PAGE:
Our colleagues from MATE (Hungarian University of Agriculture and Life Sciences) have published an article in Science direct – Elsevier, “Ontogenesis and harvest time are crucial for high quality lavender – Role of the flower development in essential oil properties”.
Authors: E. D´et´ar *, ´E. Z´ambori-N´emeth , B. Gosztola , A. Harmath , M. Lad´anyi , Zs. Pluh´ar. Department of Medicinal and Aromatic Plants, Faculty of Horticultural Science, Szent Istv´an University, Vill´anyi St. 29-43, 1118, Budapest, Hungary
Link to science direct: https://www.sciencedirect.com/science/article/abs/pii/S0926669021000984?via%3Dihub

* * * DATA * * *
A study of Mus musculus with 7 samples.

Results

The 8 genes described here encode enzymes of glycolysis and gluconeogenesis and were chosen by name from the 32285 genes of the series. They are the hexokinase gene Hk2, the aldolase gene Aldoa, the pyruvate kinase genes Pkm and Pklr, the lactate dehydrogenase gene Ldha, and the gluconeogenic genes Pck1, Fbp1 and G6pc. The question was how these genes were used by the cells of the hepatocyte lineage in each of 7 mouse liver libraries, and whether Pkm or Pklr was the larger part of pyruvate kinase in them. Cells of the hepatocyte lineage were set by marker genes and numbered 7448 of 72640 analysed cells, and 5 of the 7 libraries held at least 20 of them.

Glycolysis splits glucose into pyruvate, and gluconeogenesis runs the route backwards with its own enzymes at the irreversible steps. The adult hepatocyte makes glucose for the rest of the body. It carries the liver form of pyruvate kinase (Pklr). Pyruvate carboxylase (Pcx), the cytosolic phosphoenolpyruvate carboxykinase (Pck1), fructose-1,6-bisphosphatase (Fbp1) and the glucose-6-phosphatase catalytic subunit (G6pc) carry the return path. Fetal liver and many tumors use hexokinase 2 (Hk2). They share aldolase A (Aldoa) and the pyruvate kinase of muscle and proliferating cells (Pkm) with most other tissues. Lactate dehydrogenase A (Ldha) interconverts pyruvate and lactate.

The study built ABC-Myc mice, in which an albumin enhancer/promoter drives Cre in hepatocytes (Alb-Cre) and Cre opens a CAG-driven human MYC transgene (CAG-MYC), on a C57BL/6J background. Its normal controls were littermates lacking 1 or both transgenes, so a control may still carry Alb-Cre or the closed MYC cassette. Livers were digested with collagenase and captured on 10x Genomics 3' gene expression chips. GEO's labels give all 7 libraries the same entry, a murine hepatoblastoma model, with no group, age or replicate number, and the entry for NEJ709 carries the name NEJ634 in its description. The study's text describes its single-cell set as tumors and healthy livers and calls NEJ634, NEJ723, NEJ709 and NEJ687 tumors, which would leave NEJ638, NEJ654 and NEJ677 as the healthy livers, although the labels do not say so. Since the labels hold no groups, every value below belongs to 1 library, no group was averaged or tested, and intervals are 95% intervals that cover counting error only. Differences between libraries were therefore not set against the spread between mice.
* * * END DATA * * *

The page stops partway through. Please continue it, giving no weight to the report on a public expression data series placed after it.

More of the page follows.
ABSTRACT: The goal of the study was to detect quantitative and qualitative changes of the volatile accumulation of lavender flowers during their development. Four Lavandula angustifolia and three Lavandula × intermedia cultivars were studied in a field trial during 2018 and 2019 in Budapest, Hungary. Samples were collected in three flowering phases (bud, full bloom, and end of flowering) in three replicates. Essential oil content was determined by hydrodistillation (Clevenger apparatus) and the composition by GC–MS analyses based on retention indices and MS libraries. The highest essential oil content was detected at the end of flowering phenophase in L. angustifolia cultivars for both years, while for L. × intermedia varieties, it was different in each year of the experiment. The amount of precipitation occurring prior to the sampling may play an important role in this issue. For the majority of the cultivars, the highest linalool percentages are obtained by harvesting at the end of flowering phase. The highest ratio of linalyl acetate was measured in most of the samples at the full bloom phase. The proportions of camphor and borneol showed significant but varying tendencies depending on both variety and year. The values of linalool, trans-?-ocimene, terpinene-4-ol, ?-terpineol, and lavandulol percentages increased significantly during flower development, while the proportion of 1,8-cineole, and caryophyllene-oxide decreased in three cultivars. Altogether, the effect of phenophase on the essential oil composition was remarkable, especially in ‘Budakal´aszi’ (L. angustifolia), and ‘Grappenhall’ (L. × intermedia) cultivars, while ‘Munstead’ (L. angustifolia) exhibited the most stable essential oil pattern.